TRENTON, N.J. (AP) — A New Jersey judge approved a $225 million deal Tuesday between Gov. Chris Christie’s administration and ExxonMobil over dozens of polluted sites and nearly 2,000 retail gas stations.
Superior Court Judge Michael Hogan ruled that while the deal is much less than the $8.9 billion the state originally sought, it is a “reasonable compromise” considering “substantial litigation risks” faced by the state in the 11-year-old case that spanned Democratic and Republican governors.
The Christie administration has called the deal the nation’s second-largest of its kind against a corporate polluter.
The deal was criticized by environmental groups and Democrats who control the state Legislature. They said the settlement is just a fraction of the billions of dollars New Jersey should have recovered.
Exxon’s massive damage to New Jersey’s environment couldn’t have been more clear, Doug O’Malley, director of Environment New Jersey, said in a statement.
“Today’s decision by the court sadly rubber-stamps the Christie administration’s sell-out settlement,” O’Malley said. “This settlement still stinks.”
Hogan opens his 81-page ruling with a quote from a previous, unrelated case: “Nearly any consent decree can be viewed simultaneously as ‘a crackdown or a sellout.'”
The settlement is “fair, reasonable, in the public interest, and consistent with the goals of the Spill Compensation and Control Act,” the judge wrote.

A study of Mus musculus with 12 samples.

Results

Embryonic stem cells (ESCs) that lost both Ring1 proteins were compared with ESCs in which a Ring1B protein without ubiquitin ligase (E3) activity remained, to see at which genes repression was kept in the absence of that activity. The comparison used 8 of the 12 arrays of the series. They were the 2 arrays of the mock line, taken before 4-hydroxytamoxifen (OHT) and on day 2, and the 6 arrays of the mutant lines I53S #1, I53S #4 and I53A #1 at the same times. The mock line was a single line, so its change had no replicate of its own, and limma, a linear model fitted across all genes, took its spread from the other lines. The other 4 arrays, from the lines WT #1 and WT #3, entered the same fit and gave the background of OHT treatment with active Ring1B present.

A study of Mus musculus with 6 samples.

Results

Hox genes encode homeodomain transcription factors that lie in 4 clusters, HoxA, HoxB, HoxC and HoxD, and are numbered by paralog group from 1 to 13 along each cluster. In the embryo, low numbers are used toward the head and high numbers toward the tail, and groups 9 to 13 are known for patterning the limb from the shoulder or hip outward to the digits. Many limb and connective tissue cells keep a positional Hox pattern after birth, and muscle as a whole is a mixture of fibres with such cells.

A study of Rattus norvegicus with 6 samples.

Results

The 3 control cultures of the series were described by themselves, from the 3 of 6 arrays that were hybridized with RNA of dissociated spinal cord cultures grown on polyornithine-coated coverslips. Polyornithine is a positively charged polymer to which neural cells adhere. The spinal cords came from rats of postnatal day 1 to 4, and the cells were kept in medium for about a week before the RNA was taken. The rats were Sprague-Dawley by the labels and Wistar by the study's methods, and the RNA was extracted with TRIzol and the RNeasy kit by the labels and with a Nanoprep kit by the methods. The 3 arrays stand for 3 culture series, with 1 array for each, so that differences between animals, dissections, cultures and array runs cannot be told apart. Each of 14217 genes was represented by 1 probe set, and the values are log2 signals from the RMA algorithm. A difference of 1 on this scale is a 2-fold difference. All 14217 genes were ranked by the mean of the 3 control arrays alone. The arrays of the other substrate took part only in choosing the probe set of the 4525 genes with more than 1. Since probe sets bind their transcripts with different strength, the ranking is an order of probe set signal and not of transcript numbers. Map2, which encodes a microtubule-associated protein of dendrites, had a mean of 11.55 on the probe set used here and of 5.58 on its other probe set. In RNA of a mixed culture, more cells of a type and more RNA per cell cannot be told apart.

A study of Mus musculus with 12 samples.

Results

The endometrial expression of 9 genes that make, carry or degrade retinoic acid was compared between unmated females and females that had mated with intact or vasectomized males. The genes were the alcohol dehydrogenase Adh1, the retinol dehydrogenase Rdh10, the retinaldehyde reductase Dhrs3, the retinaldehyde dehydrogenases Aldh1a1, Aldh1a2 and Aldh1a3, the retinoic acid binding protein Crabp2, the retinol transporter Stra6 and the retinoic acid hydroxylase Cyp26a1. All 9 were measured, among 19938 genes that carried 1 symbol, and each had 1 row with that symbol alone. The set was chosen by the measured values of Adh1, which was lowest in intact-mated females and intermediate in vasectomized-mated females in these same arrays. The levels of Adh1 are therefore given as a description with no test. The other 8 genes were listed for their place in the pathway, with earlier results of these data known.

Under law, about $50 million of the settlement will go toward site remediation. Another roughly $50 million will go toward the state’s private legal costs. The rest will go into the general fund.
New Jersey sued Exxon Mobil for natural resources damage in 2004. The idea was to hold the company responsible not only for cleaning up polluted areas, which include two oil refineries in Bayonne and Linden, as well as other sites and retail gas stations across New Jersey, but to compensate the public for the harm.
The Exxon case went to trial last year, but the settlement was struck before a judge issued a ruling. The deal covered properties such as the gas stations that were not part of the lawsuit. It calls for the oil company to pay for environmental remediation at the sites for an as-yet-unknown cost.
Environmental advocates complain that the amount of cleanup the company must do is less under the settlement than it would have been if the state had prevailed in the lawsuit. For instance, a state expert said the cleanup and restoration of one site would have come to $2.7 billion. But under the agreement, the company could do a lower-cost remediation rather than a full restoration.